I think I would like to be friends with Michael Chabon.
I tweeted a link to a LA Times interview with Chabon a few weeks ago which spurred me to read his new book (I’ve never read any of his earlier works) entitled Manhood for Amateurs: The Pleasures and Regrets of a Husband, Father and Son, which is his second nonfiction work. After reading it, I’m definitely going to go pick up some of his fiction, and go find his first collection of essays, Maps and Legends: Reading and Writing Along the Borderlands.
Manhood for Amateurs is a wonderful read, if for no other reason than Chabon is a master writer, with each word, from his most crass to his most lyrical, being perfectly chosen and situated in a sentence such that simply the process of reading his prose is a joy in and of itself. The book collects essays on a variety of topics tied together with Chabon’s personal musings on the subject of manhood, whatever that actually is. His keen wit, beautiful writing, frank honesty about both his accomplishments and mistakes, fallibilities and regrets (or lack of regrets), and love/obsession with pop culture make these essays compulsively readable.
(You don’t have to like comic books, SciFi stuff, or be a geek to appreciate Chabon’s pop culture obsessions, since they also include baseball, the radio and music, TV and movies, but if you do like comics, SciFi, or are a geek, you will find Chabon a kindred spirit).
I see myself, or who I’d like to be as a father, husband, and adult male, in much of what Chabon writes, and perhaps that may be why enjoyed the book so much. Manhood for Amateurs is not a manifesto for a way to be a man. Nor is it an apology for male actions. Instead, it is what it is: an example of one male trying to be a man (father, son, husband) and not necessarily the best possible or representable case of a man (in any of those categories), but instead a man comfortable, happy, and satisfied with himself. It is a statement, through funny, thoughtful, idiosyncratic, pop culture infused prose, that there is no right way to be a man, just the right idea of the attempt to be the man you are – with all of your faults, obssessions, geekiness, successes, failures, lies, truths, ups, downs, hates, and loves.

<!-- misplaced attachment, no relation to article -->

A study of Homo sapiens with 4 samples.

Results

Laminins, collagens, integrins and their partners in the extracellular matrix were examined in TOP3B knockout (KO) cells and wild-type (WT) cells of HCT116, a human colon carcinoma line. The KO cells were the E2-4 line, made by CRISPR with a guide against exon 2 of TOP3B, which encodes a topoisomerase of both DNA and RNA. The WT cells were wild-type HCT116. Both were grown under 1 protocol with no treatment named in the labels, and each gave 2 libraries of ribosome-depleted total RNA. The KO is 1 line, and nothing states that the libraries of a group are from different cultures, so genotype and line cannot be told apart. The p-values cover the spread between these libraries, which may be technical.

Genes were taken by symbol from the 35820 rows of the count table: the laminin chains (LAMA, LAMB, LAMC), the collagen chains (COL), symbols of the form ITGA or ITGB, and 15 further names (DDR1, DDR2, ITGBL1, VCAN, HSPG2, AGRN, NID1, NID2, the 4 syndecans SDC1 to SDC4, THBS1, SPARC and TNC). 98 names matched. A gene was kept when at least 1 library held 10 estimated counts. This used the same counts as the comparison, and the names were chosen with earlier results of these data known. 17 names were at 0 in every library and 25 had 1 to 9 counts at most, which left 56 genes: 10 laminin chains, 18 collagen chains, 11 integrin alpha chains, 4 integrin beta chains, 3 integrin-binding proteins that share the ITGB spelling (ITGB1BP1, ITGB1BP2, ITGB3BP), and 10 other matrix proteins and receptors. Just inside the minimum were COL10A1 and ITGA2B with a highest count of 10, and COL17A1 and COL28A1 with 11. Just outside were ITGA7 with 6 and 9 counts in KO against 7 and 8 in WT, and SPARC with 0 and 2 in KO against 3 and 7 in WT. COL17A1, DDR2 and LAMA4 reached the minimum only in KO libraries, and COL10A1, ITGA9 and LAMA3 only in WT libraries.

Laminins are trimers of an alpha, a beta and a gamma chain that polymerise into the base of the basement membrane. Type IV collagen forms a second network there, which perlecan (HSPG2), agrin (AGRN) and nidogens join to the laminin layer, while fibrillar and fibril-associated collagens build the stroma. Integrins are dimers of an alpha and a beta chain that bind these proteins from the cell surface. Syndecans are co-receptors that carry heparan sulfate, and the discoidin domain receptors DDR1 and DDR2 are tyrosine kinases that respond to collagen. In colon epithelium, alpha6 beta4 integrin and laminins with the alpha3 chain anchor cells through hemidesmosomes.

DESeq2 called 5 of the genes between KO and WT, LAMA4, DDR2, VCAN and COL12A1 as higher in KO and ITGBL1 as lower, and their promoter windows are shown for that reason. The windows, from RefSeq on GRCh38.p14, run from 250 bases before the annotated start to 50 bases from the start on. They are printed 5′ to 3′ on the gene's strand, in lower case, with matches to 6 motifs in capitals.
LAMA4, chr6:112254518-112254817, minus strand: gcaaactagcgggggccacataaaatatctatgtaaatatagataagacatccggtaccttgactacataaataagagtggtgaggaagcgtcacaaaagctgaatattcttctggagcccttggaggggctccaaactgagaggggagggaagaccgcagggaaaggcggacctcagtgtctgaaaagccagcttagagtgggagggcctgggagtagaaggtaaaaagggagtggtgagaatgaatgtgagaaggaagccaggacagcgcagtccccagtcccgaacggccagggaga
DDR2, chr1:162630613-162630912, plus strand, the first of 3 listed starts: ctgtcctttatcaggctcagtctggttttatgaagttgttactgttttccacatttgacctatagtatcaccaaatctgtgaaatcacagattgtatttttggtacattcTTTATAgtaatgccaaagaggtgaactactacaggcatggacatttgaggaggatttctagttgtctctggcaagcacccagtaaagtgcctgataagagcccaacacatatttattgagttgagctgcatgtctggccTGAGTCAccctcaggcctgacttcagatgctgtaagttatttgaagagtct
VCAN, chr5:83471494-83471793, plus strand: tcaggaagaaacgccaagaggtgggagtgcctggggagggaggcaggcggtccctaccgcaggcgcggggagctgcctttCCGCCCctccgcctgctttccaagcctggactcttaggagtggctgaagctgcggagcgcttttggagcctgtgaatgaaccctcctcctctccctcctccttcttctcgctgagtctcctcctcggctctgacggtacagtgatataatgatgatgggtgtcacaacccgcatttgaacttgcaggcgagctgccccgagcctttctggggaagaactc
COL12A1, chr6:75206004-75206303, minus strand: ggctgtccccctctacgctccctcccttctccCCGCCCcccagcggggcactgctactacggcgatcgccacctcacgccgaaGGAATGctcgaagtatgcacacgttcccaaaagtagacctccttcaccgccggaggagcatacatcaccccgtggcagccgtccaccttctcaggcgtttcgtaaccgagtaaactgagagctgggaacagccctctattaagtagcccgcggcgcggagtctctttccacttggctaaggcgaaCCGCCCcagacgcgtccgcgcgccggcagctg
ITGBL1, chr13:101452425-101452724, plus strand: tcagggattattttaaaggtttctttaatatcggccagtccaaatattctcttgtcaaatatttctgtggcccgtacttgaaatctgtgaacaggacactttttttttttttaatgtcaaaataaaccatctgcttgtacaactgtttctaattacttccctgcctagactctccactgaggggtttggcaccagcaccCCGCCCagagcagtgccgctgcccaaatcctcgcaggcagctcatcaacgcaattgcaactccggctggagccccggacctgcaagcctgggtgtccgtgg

While reading, I lauded his looks back on how he lived his life (in his best moments and his most asshole-ish) without regret, but instead an acceptance of that is how he became the man he is. I understood his sense of, if not actual isolation, solitarity, as a son. I appreciated the love he feels for his wife. I embraced fully his example of fatherhood as it resonates so strongly with how I hope to father my hypothetical children (hopefully soon to be actual children).
I laughed out loud frequently. I nodded knowingly.
When I was done, I felt like I knew Michael Chabon better than many of my male friends, and wished that I did know him in actual life.
I have a feeling at least a few of my male friends will be getting this book for Christmas.